Humboldt rivers turning green

FNC 2_11 photo

Modesto resident John Kern, pictured left, landed this nice Smith River steelhead on Wednesday. Also pictured is Tim Stude. Photo courtesy of Curt Wilson Guide Service

It’s been well over a month since the coastal rivers in Humboldt County have looked anything other than dirty brown. Since the last big rains, which came towards the end of January, the North Coast has been blessed with some beautiful weather. And that fabulous weather, coupled with a two-week stretch of rain-free days, has turned the majority of the rivers emerald green. The one exception being the main stem Eel, and that’s just a few days away from being pristine. Redwood Creek, the Mad, South Fork Eel, and the Van Duzen are all in prime shape for those looking to target winter steelhead. If you’ve been waiting for the perfect opportunity to wet a line, now is the time. Rain is in the forecast for late next week and rumor has it El Nino could be making a comeback towards the end of the month.

Weekend Weather
According to Reginald Kennedy of Eureka’s National Weather Service, there isn’t much of a change in store for the weather in the next week. “A weak system will arrive on Friday, bringing with it light rain. The heavier amounts will fall in Del Norte, where they could see a quarter to a half inch. Humboldt will likely see less than a quarter. The high pressure will settle back in on Saturday and we’re looking dry through next Tuesday. Rain is in the forecast for next Wednesday and Thursday,” Kenned added.

Rowdy Creek Steelhead Derby
The 34th annual Rowdy Creek Fish Hatchery Steelhead derby will take place February 18 thru 20. There will be 25 teams and participants will rotate between the Smith and Chetco rivers. For more derby information, visit

CA Fish and Game Commission meeting
Day two of the California Fish and Game Commission meeting will be held Thursday, Feb. 11 at the Resources Building Auditorium, 1416 Ninth St., Sacramento at 10 a.m. Topics include recommendations concerning the fishing closures at the mouth of Blue Creek as well as the proposed emergency fishing closure of the Sacramento River from 5.5 miles from the Hwy. 44 bridge to Keswick Dam. The meeting will be live streamed at

HSU Fishery Seminar
Rebecca Garwood, an Environmental Scientist with the California Department of Fish and Wildlife will be giving a presentation titled “The other listed anadromous fish:  state of the knowledge of longfin smelt along the north coast of California” on Wednesday 17 February 2016 at 5:00 p.m. in WFB 258 on the HSU Campus.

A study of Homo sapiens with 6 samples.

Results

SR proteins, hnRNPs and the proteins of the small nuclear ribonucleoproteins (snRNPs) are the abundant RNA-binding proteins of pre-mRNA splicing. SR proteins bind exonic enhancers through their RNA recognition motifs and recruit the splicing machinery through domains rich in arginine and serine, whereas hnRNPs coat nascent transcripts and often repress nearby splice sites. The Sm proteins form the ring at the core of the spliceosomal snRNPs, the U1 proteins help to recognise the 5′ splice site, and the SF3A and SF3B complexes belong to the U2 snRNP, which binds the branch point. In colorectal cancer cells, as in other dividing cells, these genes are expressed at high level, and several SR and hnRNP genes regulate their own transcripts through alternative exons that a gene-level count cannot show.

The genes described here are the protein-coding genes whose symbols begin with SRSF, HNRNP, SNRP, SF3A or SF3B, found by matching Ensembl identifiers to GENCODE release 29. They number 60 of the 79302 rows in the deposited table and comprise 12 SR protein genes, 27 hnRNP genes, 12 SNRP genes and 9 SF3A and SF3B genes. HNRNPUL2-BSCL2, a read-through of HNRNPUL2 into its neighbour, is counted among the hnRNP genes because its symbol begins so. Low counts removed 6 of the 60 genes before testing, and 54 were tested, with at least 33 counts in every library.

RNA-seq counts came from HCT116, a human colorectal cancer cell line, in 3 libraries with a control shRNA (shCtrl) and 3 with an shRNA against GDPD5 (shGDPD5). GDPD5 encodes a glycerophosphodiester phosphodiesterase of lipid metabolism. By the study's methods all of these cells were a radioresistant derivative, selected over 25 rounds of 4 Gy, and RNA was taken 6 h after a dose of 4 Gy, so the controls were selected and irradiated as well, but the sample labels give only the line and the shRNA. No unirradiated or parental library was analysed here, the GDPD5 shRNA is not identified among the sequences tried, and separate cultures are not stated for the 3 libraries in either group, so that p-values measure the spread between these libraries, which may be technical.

The Rivers:
Chetco River
The river is low and clear, but the boats are still catching plenty of fish, both wild and hatchery. This past week, most of action has centered from down river of Loeb Park. Some rain is in the forecast for Friday, and the river is predicted to see a slight rise.

Smith River
Similar to the Chetco, the Smith is low and starting to clear according to guide Mike Coopman. “We could definitely use a little shot of rain to add some color, but I have no complaints on the fishing. There’s plenty of fish around and we’re catching them from the top to the bottom,” Coopman said.

Eel River (main stem)
The main stem is still slightly off color and a little on the high side reports Fred Grundman of Rio Dell’s Grundmans Sporting Goods. “There must be quite a bit of water coming down from the mountains as it’s dropping very slowly. It should fish by the weekend, and for sure this time next week if we don’t get a bunch of rain,” Grundman added.

Eel River (South Fork)
The South Fork is in perfect shape and fishing all the way to the confluence with the main stem. Boats scores are ranging from zero to five fish per trip. There’s about a 50/50 mix of fresh fish and downers.

Van Duzen
The Van Duzen looks absolutely perfect according to Grundman, but reports have been hard to come by. “The water is green and flows are good, should be a good option for the weekend.”

Mad River
According to Justin Kelly of Eureka’s RMI Outdoors, the Mad has finally turned steelhead green, and there seems to be some fish around. “The guys tossing bait are doing well, and the liners have been having a hard time since the water cleared up. There are pockets of fish throughout the river, you just need to find them. There’s a good mix of wild and hatchery fish around, with the lower river having a better concentration of fresh fish,” Kelly said.

Upper Trinity
Tim Brady of Weaverville’s Trinity Outdoors reports the steelhead fishing is decent, with the majority of the fish around having already spawned. He said, “With the coastal rivers coming into shape, the angling pressure has been lighter than usual. Some of the guys are catching, and some are having a rough time. Most of the fish around have gotten to where they needed to go. The winter-run steelhead have yet to show, and we’re hoping they’re just running late. The river is in good shape at least to the North Fork, I haven’t heard how it looks below the South Fork.”